Midway legend had a heart for animals

My most vivid memory of her is a sad one. 

Margaret Ware Parrish was kneeling with tears in her eyes over the lifeless body of a cat that had been struck by a car in the middle of Midway’s Main Street.

The cat didn’t belong to her. In fact, it was a stray, one of the dozen or more homeless animals she fed just before dark every day during her rounds through the backstreets of the charming Woodford County village.

The retired Midway College physical education instructor was 77 at the time, but still climbing onto the hood of her 1992 Buick Century to leave food for a mother cat whose kittens were born on the porch roof of an abandoned house. Other cats appeared from alleys or from under old buildings as the Buick approached.

The feeding had begun some years earlier when a member of the city council, knowing Parrish’s love for animals, told her about a cat that was starving in one of the town’s back alleys. 

Some people who didn’t know her must have thought she was crazy, she told me, but she couldn’t stand to see anything suffer or go hungry.

So, her historic home just outside of Midway had become a sanctuary for mistreated dogs and cats, an injured raccoon that a passerby brought to her door, and the duck she had waded into a creek one cold night to rescue after it was attacked by dogs. She was caring for two dogs and 13 cats at home. The dogs rode with her during her evening cat-feeding rounds in town. When possible, she had homeless animals spayed or neutered in addition to having them treated for their injuries or diseases, all at her own expense. 

Margaret Ware—she was never known as just Margaret Parrish—was something of a legend in Midway. She’d been a cheerleader for the 1937 state high school basketball champion Midway Blue Jays and, after graduating from Centre College, had returned to the community to teach at what now is Midway University. Popular Midway author Jonelle Fisher, in her Mornings at Seven, wrote that Parrish kept historical records of Midway, often flew a beautiful array of treasured kites and grew a prolific bed of evening primroses—inviting everyone in the community to watch them bloom just at twilight on mid-summer evenings. She also organized Midway’s May Day celebrations, complete with clowns, a Maypole and the crowning of a May Day Queen. But helpless birds and animals were her true passion.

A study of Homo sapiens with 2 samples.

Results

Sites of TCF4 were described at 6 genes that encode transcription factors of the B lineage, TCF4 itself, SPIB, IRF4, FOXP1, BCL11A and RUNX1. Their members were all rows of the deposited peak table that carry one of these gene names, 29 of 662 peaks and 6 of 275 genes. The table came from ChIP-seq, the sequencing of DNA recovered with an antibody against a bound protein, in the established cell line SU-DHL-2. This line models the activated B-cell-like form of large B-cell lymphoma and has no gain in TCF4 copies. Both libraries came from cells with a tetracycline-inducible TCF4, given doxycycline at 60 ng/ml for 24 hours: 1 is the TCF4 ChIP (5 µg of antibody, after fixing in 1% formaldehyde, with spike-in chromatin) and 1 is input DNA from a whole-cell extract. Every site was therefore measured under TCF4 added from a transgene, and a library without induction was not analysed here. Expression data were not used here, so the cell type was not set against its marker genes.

When at age 91, Parrish passed away at her home in the early autumn of 2010, she left a generous bequest to the Woodford Humane Society. Townspeople adopted the animals that were then in her care.

Perhaps by fitting coincidence, her antebellum home, once a refuge for orphaned, sick and injured birds and animals, is now occupied by veterinarian Nancy McGregor’s Midway Small Animal Clinic.